Take the survey at svy.mk/pycon2012survey.

Videos are already being uploaded to pyvideo.org.

Guido is wearing a "Python is for girls" T-shirt.

He showed a Python logo made out of foam on a latte. Yuko Honda really did it.

He had some comments about trolls.

Troll, n:
  • A leading question whose main purpose is to provoke an argument that cannot be won.
  • A person who asks such questions.
Guido said that Python, Ruby, and Perl are exactly the same language from 10,000 feet. They should be our friends. Lisp is not all that different from Python, although you might not notice it. Ruby is not kicking Python's butt in any particular case.

They added unicode literals back to Python 3.3 just to make compatibility with Python 2.7 easier.

"I should have used a real presentation tool instead of Google Docs." (Doh! He's a Googler!)

More and more projects are being ported to Python 3.

People are actually capable of using one code base for Python 2.7 and Python 3.3. There's a helpful library called "Six".

The Python 3 migration is painful now, but it's going to be worth it.

If PyPy is faster than cPython, why not abandon cPython? No one is using PyPy in production. PyPy is still hard for people writing C extensions. cPython is still a great glue system (for Fortran, C, and random binary code). "PyPy still has a long way to go. Speed is not everything." PyPy and cPython will live together in slightly different contexts for years. cPython will remain the reference implementation.

People still criticize dynamic typing, saying it's not safe. "The type checking in compilers is actually really weak." For instance, most of the time, a type checker can't tell you if an int represents inches or centimeters. The only way to create good code is to test, audit, hire smart people, etc. Test! A type checking compiler can only find a narrow set of errors; no one has conquered the problem of writing perfect software.

A large program written in a statically typed language will often have a dynamically typed, interpreted subsystem, done via string manipulation, or something else.

Dynamic typing is not inherently inferior to static typing.

Guido hopes people are "doing interesting things with static analysis."

Guido pronounces GIL as "Jill".

"OS level threads are meant for parallel IO, not for parallel computation." Use separate processes for each core. One team was using Python on a machine with 64,000 cores. "You have to be David Beazley to come up with the counterexample."

Guido has complaints about each of the async libraries, but he doesn't have a solution that he recommends. It's not a problem he has to deal with. gevent is interesting. He can't add stackless to Python because it would make other implementations much more complicated or impossible. He doesn't want to put an event loop in the stdlib because not everyone needs it. Some things are better developed outside of Python. He's not a fan of callback-style approaches; he would prefer the gevent approach. He likes synchronous looking code that under the hood does async, without using threads. All these things deserve more attention.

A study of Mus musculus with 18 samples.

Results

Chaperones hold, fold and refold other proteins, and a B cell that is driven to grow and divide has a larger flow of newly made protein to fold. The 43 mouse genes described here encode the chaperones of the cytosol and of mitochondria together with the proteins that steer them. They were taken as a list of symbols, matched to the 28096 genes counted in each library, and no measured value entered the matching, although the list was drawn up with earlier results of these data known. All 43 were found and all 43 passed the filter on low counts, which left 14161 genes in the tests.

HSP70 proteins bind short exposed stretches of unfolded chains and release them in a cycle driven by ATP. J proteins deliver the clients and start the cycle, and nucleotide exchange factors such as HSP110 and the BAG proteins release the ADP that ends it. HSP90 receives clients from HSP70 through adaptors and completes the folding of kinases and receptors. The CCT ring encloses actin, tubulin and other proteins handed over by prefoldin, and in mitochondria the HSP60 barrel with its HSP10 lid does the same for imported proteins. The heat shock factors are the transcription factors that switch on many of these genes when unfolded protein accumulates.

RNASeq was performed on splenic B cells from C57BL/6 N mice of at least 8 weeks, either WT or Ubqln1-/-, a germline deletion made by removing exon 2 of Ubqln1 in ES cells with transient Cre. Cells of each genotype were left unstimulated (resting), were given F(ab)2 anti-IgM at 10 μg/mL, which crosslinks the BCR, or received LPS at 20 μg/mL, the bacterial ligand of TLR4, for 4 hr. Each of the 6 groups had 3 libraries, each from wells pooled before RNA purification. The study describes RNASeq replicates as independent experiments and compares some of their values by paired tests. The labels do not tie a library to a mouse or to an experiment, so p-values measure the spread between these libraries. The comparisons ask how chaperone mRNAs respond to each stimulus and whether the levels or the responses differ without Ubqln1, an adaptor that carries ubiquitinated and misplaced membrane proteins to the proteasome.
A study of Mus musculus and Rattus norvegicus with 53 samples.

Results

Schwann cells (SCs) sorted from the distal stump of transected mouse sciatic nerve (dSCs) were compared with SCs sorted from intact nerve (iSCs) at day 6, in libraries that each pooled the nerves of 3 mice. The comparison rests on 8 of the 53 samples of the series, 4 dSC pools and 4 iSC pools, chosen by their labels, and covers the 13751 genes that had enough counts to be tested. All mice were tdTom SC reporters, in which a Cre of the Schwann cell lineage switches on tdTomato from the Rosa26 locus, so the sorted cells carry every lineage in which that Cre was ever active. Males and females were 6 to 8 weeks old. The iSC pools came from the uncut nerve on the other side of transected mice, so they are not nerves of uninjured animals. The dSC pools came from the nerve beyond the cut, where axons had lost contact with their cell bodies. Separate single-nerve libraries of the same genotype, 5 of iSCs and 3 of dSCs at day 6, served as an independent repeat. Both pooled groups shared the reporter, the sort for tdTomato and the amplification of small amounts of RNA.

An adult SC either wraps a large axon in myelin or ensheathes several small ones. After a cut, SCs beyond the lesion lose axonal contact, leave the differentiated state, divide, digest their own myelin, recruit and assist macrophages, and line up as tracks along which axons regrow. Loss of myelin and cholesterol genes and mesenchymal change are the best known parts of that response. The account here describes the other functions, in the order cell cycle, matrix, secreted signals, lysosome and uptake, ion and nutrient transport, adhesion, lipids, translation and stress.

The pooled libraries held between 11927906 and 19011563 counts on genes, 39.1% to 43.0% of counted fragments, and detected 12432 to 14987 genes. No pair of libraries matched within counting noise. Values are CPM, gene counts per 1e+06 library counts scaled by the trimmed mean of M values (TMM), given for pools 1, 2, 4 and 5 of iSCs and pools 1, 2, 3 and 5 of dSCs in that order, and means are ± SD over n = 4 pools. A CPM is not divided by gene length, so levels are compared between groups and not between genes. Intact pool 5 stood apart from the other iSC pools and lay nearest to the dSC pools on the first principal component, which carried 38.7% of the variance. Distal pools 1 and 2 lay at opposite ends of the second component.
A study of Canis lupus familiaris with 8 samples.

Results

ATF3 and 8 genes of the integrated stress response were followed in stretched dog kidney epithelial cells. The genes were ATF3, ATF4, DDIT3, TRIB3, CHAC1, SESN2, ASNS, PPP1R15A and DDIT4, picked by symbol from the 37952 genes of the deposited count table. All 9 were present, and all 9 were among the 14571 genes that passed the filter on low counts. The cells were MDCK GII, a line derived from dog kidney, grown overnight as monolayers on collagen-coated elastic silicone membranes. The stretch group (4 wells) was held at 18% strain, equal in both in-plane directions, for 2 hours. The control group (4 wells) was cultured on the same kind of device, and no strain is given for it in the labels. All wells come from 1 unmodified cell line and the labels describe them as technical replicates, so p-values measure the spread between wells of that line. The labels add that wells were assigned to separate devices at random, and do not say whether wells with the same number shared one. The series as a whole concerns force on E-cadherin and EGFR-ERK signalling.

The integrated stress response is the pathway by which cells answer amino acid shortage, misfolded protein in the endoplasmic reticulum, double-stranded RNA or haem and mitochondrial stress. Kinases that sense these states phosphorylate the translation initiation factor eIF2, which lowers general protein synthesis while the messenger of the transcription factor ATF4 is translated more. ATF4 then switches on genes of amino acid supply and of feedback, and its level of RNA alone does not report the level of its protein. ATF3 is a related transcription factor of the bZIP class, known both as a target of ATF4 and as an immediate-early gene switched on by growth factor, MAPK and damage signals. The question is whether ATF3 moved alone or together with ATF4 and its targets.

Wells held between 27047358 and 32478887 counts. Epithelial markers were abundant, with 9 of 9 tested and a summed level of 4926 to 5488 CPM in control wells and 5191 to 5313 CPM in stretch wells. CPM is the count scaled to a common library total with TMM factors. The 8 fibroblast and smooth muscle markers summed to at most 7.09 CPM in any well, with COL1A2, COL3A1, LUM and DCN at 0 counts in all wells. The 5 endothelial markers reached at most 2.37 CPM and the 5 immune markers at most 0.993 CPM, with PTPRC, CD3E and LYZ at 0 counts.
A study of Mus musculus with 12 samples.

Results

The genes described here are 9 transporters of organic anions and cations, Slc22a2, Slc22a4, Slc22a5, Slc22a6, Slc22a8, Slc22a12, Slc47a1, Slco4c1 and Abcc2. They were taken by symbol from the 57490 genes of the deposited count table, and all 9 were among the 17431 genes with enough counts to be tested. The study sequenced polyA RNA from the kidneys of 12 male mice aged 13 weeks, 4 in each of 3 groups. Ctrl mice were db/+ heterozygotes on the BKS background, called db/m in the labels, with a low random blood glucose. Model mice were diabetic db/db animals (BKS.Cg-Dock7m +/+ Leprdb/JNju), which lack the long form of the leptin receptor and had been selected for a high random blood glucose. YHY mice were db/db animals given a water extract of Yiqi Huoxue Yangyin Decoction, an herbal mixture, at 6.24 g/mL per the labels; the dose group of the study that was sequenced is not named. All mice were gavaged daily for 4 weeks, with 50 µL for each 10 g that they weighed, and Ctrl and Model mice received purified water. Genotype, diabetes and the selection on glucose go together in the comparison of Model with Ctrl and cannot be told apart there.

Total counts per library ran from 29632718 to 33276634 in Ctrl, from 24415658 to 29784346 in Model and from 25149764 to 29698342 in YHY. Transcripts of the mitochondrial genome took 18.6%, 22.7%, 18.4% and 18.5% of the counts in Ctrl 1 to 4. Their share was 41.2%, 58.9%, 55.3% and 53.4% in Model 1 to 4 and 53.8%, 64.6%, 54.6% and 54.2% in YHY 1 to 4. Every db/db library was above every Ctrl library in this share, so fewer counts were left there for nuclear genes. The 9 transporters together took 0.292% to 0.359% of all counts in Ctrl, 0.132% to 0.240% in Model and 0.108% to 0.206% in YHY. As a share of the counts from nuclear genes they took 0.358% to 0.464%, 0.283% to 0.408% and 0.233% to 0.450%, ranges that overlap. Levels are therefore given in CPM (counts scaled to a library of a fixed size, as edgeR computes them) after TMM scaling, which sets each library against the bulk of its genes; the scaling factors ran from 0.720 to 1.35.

We might want to make Python 4 the new language to solve the concurrent programming problem. He wants to see lots of alternatives.

Introducting a new language to replace JavaScript is such a hard, political problem.

He was told running Python on Android is "strategically not important." He was asked not to work on it anymore. Other people are going to have to do it.

"I don't think Python is a functional programming language. map, filter, lambda are not enough to make a functional programming language. Python is very pragmatic. It lets you mess around with state, fiddle with the OS, etc. Those things are really hard in a beautiful language like Haskell. When you have to do messy IO in Haskell, all the messiness becomes even messier.

Learn a functional language, get excited about the ideas, and let it impact your Python code. You don't have to do everything with a functional style.

"From data to data" really fits the functional paradigm. You can use that in Python.

He likes functional programming as a challenge and as an idea. However, 30 years from now, we won't all be writing functional programs all the time.

You're much better off not being in the stdlib. If you have a broken API, you can never fix it. Python has a very slow release schedule. It's much better to be third-party. Don't feel like you're not successful unless you're in the stdlib. It's better to own your own release cycle. Things in the stdlib should be things that enable everything else; like a context manager.

Python has reference counting and a garbage collector that resolves cycles, etc. PyPy is the place to play with better memory allocators. "I'm very happy with cPython's memory allocator."

Let's set our expectations low about adding new features to the language since we just finished Python 3. If you really have a desperate need for an extension to the language, think about using a preprocessor [my term] of some sort. Import hooks can let you do the transformation automatically.